Big Data Technology Drives Online Marketing With Offline Data

Most digital marketing campaigns serve ads based on the last click. But a click-through is not a sale. Too often, marketers optimize campaigns for click-throughs, even though optimizing for actual sales transactions is far more effective.

Direct response marketing techniques are among the most effective available to marketers. They involve advancing an audience one step at a time through a conversion funnel by:

  1. Designing every marketing message to evoke a specific response from a campaign’s target audience.
  2. Measuring who responds.
  3. Incorporating that response data back into the campaign’s targeting algorithms to refine the next set of messages and determine who sees them.

This technique benefits consumers by providing them with relevant information. It benefits marketers by delivering measurable improvements in campaign results. Closing the direct response loop is central to realizing these benefits, and it has long been considered the Holy Grail of online advertising.

Online campaigns often attempt to close the direct response loop using click-throughs as response data, even though campaigns perform best when they optimize against the campaign’s actual goal – sales transactions. Click-throughs are often used as a substitute because most sales transactions occur offline in ways that can be difficult to measure, and once obtained, offline transaction data can be hard to correlate to the campaigns that influenced them. But the walls preventing solutions to these problems are breaking down.

Recognizing that unique data (and the relationship assets that provide exclusive access to it) are sources of competitive advantage, digital marketing firms have begun investing in partnerships that provide access to this offline sales transaction data. And fundamental technology breakthroughs in big data analysis now enable digital marketers to correlate offline sales transaction data to the campaigns that influenced them in ways previously not possible.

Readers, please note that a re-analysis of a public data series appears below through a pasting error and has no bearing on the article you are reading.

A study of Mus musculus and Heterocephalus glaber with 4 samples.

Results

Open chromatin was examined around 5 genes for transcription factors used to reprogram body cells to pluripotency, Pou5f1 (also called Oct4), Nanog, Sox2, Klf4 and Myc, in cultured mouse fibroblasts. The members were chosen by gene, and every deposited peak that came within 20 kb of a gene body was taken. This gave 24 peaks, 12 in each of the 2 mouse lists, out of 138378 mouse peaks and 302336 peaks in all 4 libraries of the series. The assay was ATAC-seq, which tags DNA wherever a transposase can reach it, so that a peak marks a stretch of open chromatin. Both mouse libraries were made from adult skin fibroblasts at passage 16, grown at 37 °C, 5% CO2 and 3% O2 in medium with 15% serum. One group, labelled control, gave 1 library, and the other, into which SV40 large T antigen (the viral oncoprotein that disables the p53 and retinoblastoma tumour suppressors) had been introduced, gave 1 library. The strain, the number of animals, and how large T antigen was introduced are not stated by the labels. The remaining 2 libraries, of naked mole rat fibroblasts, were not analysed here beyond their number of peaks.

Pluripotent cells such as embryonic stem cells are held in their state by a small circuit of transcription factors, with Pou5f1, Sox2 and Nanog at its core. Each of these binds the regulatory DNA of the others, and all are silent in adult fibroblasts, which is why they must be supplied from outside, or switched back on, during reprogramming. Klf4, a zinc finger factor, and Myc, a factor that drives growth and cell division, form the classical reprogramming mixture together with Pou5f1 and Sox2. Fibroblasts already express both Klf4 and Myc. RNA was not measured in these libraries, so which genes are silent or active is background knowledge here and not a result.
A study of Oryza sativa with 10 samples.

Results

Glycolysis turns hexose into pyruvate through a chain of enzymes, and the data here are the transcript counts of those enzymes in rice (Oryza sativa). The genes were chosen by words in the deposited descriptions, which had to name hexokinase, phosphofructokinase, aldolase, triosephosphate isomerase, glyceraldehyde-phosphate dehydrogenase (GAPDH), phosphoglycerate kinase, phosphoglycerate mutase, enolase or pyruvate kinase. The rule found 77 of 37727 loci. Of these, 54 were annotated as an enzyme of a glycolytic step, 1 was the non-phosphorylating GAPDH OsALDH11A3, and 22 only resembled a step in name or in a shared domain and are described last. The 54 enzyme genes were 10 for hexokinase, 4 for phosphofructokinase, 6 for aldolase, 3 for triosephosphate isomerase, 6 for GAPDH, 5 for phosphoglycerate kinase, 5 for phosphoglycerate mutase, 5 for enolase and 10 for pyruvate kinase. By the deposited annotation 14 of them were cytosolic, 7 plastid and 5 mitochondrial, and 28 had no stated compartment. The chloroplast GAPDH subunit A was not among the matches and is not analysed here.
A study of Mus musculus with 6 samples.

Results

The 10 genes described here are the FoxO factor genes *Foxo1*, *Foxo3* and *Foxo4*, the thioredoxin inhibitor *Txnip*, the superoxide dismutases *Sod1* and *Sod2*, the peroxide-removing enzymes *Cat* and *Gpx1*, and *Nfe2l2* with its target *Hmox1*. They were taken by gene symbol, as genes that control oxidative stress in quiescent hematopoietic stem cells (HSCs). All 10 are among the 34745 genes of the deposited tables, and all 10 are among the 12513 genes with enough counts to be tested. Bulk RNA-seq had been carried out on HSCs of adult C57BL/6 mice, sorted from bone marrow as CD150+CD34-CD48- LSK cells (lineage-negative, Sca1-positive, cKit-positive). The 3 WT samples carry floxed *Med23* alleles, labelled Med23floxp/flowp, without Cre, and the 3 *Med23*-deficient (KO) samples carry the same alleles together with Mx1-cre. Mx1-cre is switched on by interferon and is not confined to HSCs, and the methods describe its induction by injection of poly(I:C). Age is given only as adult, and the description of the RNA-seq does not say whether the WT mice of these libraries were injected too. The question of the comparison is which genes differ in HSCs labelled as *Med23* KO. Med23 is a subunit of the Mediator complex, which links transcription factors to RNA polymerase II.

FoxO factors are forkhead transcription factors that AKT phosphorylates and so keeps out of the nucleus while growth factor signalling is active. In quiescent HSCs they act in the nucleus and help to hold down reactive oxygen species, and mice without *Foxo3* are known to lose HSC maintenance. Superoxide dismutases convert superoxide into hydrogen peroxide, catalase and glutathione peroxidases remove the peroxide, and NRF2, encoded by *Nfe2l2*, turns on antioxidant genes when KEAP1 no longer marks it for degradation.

For example, [x+1], a leading online marketing technology provider, has innovated in its use of big data technology to track attribution across both digital and offline channels. As [x+1] Chief Analytics Officer Leon Zemel states, “Historically, we talked about lift in the response rate or the conversion rate. Now we’re talking about lift in total digital sales. And we’re seeing a big year-over-year impact – 20 percent growth. Net-net, the client is seeing more revenue from more customers.” Additional detail can be found here.

Datalogix, an integrated database marketing and digital media firm, has also innovated in online targeting based on purchase data. “Our targeting isn’t about clicks, it’s all about sales,” says Joseph Benjamin, chief technology officer at Datalogix. “Look at the growing amount of time people are spending online, and then compare that with the amount of purchasing done offline – maybe 90 percent,” says Benjamin. “We’re bringing those two worlds together. We can tell the retailer when an online campaign drove purchases to the call center, the store or the website. In fact, in one representative campaign, the Datalogix platform’s unique ability to leverage offline data for online ad targeting increased the campaign response rate we delivered by 50 percent over that delivered by our competitors.” Additional detail can be found here.

Marketers understand that when their marketing tools each operate on independent data sets, much of the value in their underlying data is being lost, and that the more marketing data silos they unite, the more value they create. But smart marketers also understand that different types of data have different value in the context of their marketing campaigns. And there is no data more valuable to a marketer than customer-linked sales transaction data. So while a stepwise approach to uniting the disparate data silos created by various marketing technologies is a smart approach, offline sales transaction data belongs at the top of every marketer’s priority list.

Open Book image on home page via Shutterstock.